Lynch’s Five Best Musical Moments


September is a pretty amazing month for David Lynch fans in Philly. There are countless Lynch related events happening over at PhilaMOCA (including an incredible Lynch themed art show, open now), and over the next couple weeks his films will be screened at the Prince Theatre, Bryn Mawr Film Institute, and even at the PHS pop-up garden over on 14th and South. Most importantly, Lynch himself will be spending a bit of time in the Philly area giving some Q&As and introducing his art exhibit, The Unified Field, which will be at PAFA from September 13th until January 11th, 2015. So, as an insanely excited Lynch fanatic, I’m pretty stoked September has finally arrived, and I figured now is a good a time as any to compile a Lynch related list. Something I’ve always loved about his work is how he uses music and songs to complement the visual surrealism, and to me the following five moments stand out as the best.

5) “Llorando” from Mulholland Dr. (2001)

I could watch this scene a million times. It’s so weirdly affecting and bizarre. First there’s the trumpet player who emphatically plays then lifts his arms in the air while the recording continues to play. But then watching Naomi Watts and Laura Harring welling with emotion and eventually sobbing during the “singer’s” performance (which of course keeps going even after she passes out and is carried off stage) is at once disturbing and confusing.


4) “In Dreams” from Blue Velvet (1986)

Isabella Rossellini’s performance of the title track was certainly a strong contender from this film, but between the weird snake-holding dancing happening in the background and Dennis Hopper’s intense reaction to the lip-synced performance, this scene is incredibly surreal and wonderful.

3) “Get Happy” from Twin Peaks (1991)

This might be a personal favorite moment that comes from the first (and arguably best) episode of the second season, when Lynch was still involved. In an effort to cheer up his family, Leland Palmer breaks out into song in the middle of dinner. It works at first, but then he spirals out of control, and starts singing the song way too emphatically and faints. He comes to and reassures everyone that he “feels happy.” To top it all off, a very young Alicia Witts supplies the impressive piano playing.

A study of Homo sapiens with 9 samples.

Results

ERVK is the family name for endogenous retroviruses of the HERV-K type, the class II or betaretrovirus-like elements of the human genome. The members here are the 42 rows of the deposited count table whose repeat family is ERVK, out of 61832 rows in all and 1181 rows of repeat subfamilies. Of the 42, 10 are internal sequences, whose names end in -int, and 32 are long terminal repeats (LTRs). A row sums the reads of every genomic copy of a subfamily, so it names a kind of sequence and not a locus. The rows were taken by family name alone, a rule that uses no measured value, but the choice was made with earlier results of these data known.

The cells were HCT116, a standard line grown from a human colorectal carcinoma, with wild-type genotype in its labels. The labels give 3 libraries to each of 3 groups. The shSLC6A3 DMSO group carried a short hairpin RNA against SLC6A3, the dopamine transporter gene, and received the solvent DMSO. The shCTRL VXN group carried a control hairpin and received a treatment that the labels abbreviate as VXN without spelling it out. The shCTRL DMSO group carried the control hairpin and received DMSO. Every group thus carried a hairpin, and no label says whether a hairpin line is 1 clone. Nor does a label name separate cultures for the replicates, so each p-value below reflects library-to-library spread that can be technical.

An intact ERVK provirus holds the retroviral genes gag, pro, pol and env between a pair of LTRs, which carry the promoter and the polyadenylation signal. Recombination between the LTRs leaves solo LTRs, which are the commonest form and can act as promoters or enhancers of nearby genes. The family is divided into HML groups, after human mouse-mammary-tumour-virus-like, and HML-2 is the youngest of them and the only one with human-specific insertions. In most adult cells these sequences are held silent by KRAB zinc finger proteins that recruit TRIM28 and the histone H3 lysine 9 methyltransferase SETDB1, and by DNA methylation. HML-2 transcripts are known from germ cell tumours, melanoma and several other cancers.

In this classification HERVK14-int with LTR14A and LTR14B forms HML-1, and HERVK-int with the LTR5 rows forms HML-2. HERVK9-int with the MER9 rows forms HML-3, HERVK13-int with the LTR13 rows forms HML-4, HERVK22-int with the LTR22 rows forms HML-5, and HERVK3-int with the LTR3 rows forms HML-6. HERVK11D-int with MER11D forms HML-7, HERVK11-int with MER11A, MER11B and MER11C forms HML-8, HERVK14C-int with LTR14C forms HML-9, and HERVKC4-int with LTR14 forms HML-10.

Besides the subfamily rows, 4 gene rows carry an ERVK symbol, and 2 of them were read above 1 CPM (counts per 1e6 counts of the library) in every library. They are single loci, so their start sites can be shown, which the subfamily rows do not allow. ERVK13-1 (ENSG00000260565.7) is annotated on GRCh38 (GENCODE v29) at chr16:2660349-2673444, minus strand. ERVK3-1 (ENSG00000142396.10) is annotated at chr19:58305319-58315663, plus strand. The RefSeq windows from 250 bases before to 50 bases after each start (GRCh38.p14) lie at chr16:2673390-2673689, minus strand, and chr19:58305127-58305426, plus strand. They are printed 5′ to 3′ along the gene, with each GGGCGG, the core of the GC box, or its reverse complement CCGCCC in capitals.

2) “Sinnerman” from Inland Empire (2006)

After three intense and messed up hours, Lynch decided to close this nightmarish (and amazing) film with Nina Simone performing her iconic song “Sinnerman” as the credits roll. There’s not much to say about this other than the fact that I cannot imagine a better way to end this movie.


1) “In Heaven” from Eraserhead (1977)

This is an obvious choice, but a wholly necessary one. I was tempted to just list the entire film given that the soundscape is so detailed and impressive, but I couldn’t resist the caked cheeks and bashful movements from The Lady in the Radiator. Apparently even if you’re living in the dark, horrifying depths of someone’s radiator, “everything will be fine” in heaven.

Author: Catherine Haas

Catherine Haas is a native Philadelphian who received her master’s in film history from Columbia University. She is a freelance film programmer, writer, and an avid pug enthusiast.